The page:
February 2020 short story of the month
I didn’t cry when she died, or at the funeral, or at the reception. It wasn’t until the next morning when I went to the pantry and saw row upon row of canned vegetables, fruits, and jams she had prepared for the long winter ahead. The shelves were filled with memories of her. Canning was one of her hobbies, left over from a time when she’d learned to do it for survival. It seems strange that magic users needed to do things like canning to survive. We could snap our fingers to make fields grow, but we didn’t.
We’ve always had to hide what we were by doing “normal” things. Tough winters meant canning and stocking up for us just like everyone else to make it through the season without attracting attention. If too much fortune favored us, people got suspicious. It wasn’t that long ago in history that witch hunts were common practice. We tried our hardest to blend in.
It was exhausting.
I picked up a jar of my mother’s homemade blackberry jam. It was a blue ribbon winner at the country fair. I smiled when I looked at it labeled in her sloppy handwriting. If I hadn’t been reading it my entire life, I wouldn’t have known it said blackberry.
I wiped the tears from my cheeks before I left the pantry. I didn’t want my daughters to see me like that. I was determined to be strong in front of them. Raising three girls was more challenging than I’d ever imagined. They were grown now and that brought a whole unforeseen set of problems. Most of my parenting now was about trying to steer them towards their own futures and navigating their constant bickering. For three people raised in the same house, they were incredibly different. They reminded me daily of me and my two sisters.
They were seated now at the farm style dining table. They were all sitting on one bench and their father was on the opposite side. No one was talking. They were all staring at their cups of various hot drinks.
“I found a jar of blackberry,” I said as I placed it on the table. I gathered utensils and small plates and started making toast. As I was about to place four pieces of bread in the toaster, a wave of grief hit me.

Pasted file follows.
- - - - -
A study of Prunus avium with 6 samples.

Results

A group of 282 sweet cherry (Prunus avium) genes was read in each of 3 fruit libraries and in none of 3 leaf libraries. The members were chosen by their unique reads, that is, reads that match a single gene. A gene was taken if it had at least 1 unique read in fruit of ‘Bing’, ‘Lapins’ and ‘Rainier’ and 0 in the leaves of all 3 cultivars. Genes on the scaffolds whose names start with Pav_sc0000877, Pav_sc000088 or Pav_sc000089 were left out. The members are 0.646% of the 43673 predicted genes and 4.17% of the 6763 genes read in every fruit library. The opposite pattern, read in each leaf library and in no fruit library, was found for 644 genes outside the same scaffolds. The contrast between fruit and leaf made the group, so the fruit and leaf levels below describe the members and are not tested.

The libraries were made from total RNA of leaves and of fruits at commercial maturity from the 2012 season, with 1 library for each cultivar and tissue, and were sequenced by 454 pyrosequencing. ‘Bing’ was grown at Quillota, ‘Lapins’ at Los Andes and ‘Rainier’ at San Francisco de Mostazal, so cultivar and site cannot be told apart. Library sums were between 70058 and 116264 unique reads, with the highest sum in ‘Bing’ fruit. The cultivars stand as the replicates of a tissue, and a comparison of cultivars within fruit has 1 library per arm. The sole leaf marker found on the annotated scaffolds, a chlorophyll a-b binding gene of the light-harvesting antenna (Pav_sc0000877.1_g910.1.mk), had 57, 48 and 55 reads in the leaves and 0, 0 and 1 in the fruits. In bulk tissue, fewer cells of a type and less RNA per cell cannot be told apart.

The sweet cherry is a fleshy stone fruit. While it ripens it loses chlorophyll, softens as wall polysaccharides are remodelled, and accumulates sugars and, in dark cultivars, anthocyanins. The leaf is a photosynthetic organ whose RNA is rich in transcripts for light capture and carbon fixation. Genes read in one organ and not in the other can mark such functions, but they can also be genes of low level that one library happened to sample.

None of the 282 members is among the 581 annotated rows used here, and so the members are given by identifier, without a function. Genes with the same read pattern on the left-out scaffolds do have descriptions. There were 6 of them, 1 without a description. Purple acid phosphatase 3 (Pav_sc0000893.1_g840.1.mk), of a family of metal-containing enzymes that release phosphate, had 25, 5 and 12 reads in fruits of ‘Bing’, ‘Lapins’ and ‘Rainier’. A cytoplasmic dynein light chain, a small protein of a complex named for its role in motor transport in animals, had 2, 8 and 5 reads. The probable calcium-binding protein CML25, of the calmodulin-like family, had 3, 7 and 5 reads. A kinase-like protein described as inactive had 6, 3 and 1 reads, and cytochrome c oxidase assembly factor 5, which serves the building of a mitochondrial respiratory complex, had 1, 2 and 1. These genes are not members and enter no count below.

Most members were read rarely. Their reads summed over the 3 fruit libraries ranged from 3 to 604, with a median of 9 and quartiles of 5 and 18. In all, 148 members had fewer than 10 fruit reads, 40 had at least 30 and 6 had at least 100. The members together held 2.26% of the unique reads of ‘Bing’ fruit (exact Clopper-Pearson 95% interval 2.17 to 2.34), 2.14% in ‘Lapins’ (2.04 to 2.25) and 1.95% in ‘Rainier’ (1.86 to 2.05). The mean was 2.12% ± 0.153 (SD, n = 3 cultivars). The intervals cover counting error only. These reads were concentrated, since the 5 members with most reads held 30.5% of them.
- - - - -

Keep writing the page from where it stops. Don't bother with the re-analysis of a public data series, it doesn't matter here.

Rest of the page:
I placed my hands flat on the counter in front of me and squeezed my eyes tightly. I took a deep breath in and then let it out slowly. After I collected myself again and reopened my eyes, I snapped my fingers and there was a pile of perfectly toasted bread on the plate in front of me.
I took it over to the table and set it in front of my girls. They all looked up with shock on their face. I was always lecturing them about using magic for things they could do themselves.
“Not today,” I said and sat down next to my husband to eat some toast with my mother’s blackberry jam smeared on it.
The jam hit my tongue, and it brought with it a swarm of memories. They flashed through my mind so quickly I couldn’t focus on a single one. Then they settled and one in particular surfaced.
I was walking with my sisters; the three of us were holding hands. We were eight, nine, and ten. It was a summer day, and the heat was all ready sweltering. Our mother had made us wear baby blue dresses for family pictures. We were supposed to stay nearby, but instead, we’d wandered off a little bit to explore while our parents had pictures of the two of them taken.
We walked away slowly at first, but once we realized our parents weren’t paying attention to us, we increased our speed and moved quickly away. We were still walking hand in hand, the three of us strung together like beads on a string.
I was in the middle and with a sister on either side of me, I felt safe even though we could no longer hear or see our parents. Our oldest sister was pulling us towards something.
“Look!” she yelled as she pointed frantically. I saw what she was pointing at — blackberry bushes. There were so many of them I couldn’t see where they stopped and the rest of the woods continued. They were laden with fruit.
My younger sister didn’t immediately seem as impressed with this discovery as me.
“These might be someone’s property,” she said. “We should go back to mother and father now.” She released my hand and placed her hands on her hips, looking very haughty for someone only eight years old.
“We’ll only have a few,” my older sister said. “I’m hungry. We’ve been out here for hours.”
She moved away from us and began to pop berries in her mouth.
I looked at her and then over at my younger sister trying to decide which side of this battle I wanted to be on.
“They’re delicious,” my sister said, berry juice was on her hands and face.
I joined her and ate berries with abandon. Neither of us paid much attention to what we were doing, and after a minute of being the odd one out, our sister joined us too. We were giggling and walking along picking berries and popping them in our mouths without a care.
“Girls!” our mother yelled.
We stopped in our tracks. That’s when I looked at my sisters. Their dresses were spotted with berry juice and their faces and hands were sticky.
My younger sister spun around quickly. “I told them not to,” she blurted out. Tears were welling in her eyes. She never liked getting in trouble.
And we were in so much trouble.
Our mother was practically turning purple. She didn’t yell at us till we got home. She pointed back the way we’d came, and we walked off silently toward the car without making eye contact with her.
That night back at home we were scrubbed until our skin was red. And then the lecture began; she sat us all down in a row on the couch. We all sat looking down at our laps. And then my younger sister, always the pragmatist, opened an even bigger can of worms.
We were all thinking it, but usually we didn’t have the nerve to question our mother, especially about magic use.
“Mom, why didn’t you just snap your fingers and make us clean again?”